MEXICO CITY — Mexico’s largest department store chain, Liverpool, is facing a widening probe for failing to immediately notify customers about a hacker attack at Christmas.

“We started an audit process June 15 and hope to complete it in October,” Jonathan Mendoza, audits director at the Instituto Nacional de Transparencia, Acceso a la Información y Protección de Datos Personales, a Mexican data-protection watchdog, told WWD. He added the regulator plans to visit Liverpool’s troubled headquarters in the coming days to check its data-security systems. Depending on what it finds, “we might sanction them,” he said.

Liverpool has 180 days to respond to INAI’s information requests and cooperate with the probe, Mendoza added.

The retailer, which operates more than 100 stores, reported its systems were breached Dec. 24, exposing an unspecified number of employee e-mail and customer files.

In a brief statement filed with the Bolsa Mexicana de Valores, Mexico’s stock market, the retailer called the event “a bribery attempt to damage our reputation” and of “low risk.” It added it was “taking measures to ensure customer data remain[s] protected by strengthening its systems, practices and procedures.”

Soon after Liverpool notified the BMV, INAI launched an investigation it is now expanding with the audits.

Privacy lawyers said the breach was likely significant and may have involved as many as 3.5 million store credit card customers.

“Their entire database was probably hacked because all servers are connected with each other,” said Mario Gomez, privacy officer at Mexico City Commerce, Tourism and Services Chamber Canaco.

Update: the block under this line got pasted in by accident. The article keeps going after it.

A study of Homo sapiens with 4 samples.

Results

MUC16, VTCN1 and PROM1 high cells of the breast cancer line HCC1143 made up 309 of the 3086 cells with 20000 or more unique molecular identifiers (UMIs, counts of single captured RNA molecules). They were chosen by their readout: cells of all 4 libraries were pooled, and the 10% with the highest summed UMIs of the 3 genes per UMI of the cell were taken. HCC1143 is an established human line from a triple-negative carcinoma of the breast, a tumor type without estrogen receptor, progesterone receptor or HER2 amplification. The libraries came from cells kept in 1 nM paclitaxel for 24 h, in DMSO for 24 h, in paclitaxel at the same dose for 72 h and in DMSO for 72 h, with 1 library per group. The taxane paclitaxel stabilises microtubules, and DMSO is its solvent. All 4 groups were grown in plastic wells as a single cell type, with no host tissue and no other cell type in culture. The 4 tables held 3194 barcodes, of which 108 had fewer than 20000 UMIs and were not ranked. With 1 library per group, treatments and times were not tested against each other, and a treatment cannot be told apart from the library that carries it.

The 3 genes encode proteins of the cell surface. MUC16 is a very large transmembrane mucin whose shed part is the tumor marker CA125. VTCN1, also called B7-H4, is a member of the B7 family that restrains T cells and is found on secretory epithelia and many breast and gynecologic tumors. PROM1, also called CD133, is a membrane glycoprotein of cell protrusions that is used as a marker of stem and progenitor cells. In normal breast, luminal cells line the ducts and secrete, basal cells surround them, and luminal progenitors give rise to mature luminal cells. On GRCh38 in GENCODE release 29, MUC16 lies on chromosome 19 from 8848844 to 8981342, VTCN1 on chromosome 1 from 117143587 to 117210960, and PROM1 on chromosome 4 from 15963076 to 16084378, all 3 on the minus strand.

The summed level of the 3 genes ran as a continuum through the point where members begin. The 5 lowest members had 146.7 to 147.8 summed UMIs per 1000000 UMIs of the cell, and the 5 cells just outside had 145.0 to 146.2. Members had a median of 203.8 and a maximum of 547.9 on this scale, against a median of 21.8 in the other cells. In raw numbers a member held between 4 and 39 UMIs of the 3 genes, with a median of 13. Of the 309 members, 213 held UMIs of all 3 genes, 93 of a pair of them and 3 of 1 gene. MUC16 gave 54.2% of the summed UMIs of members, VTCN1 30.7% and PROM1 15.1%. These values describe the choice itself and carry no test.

Mexican hacking group SicKillers claimed responsibility, posting photos of Liverpool’s senior managers on tech gossip site FayerWayer.com and asking, “if they can’t take care of their private documents, do you think they can take care of yours…?”

The organization claimed it has had full access to Liverpool’s systems for six years, adding that they hope “to shed light on some company events, many of which they have [hidden].”

Some observers said the breach was part of a vendetta after two employee death scandals have tarnished the retailer’s reputation this year.

The cases involve Angélica Trinidad, who was murdered in the chain’s Perisur store in Mexico City in November but whose death Liverpool allegedly hid and manipulated to avoid losing business during the crucial “El Buen Fin” sales weekend. Mexican authorities are investigating the matter, which prompted women’s rights demonstrators to boycott the store, holding banners reading “Liverpool [Is] Part of Your Death” in a reversal of its key marketing slogan, “Liverpool Is Part of My Life” (“Liverpool es parte de Mi Vida“).

The death of an eight-month-old baby in its Querétaro shop also damaged its profile in February. Authorities are investigating employees for reportedly blocking paramedics’ immediate access. A day later, another employee tragically died of electrocution in its Perisur building’s attic.

Gomez said Liverpool has yet to notify all affected customers about the breach, and not just wealthy customers, as some critics claim it has, unleashing more criticism.

By informing the BMV, executives insist the firm met Mexican privacy law.

But “that is of course not the case,” Gomez charged. “The law says you have to notify all data owners, not just some, and you must do so immediately. They broke the law and should be punished.”

Liverpool did not return messages seeking comment.

Since the attack, Liverpool has reinforced its IT systems, largely due to European and U.S. stockholder complaints, Gomez said.

Privacy expert Joel Gomez said 70 percent of Mexican retailers remain vulnerable to data hacks with most lacking privacy officers. However, some are taking action, swapping external security companies for internal officers and introducing so-called white-screen and clean desktop software, he added.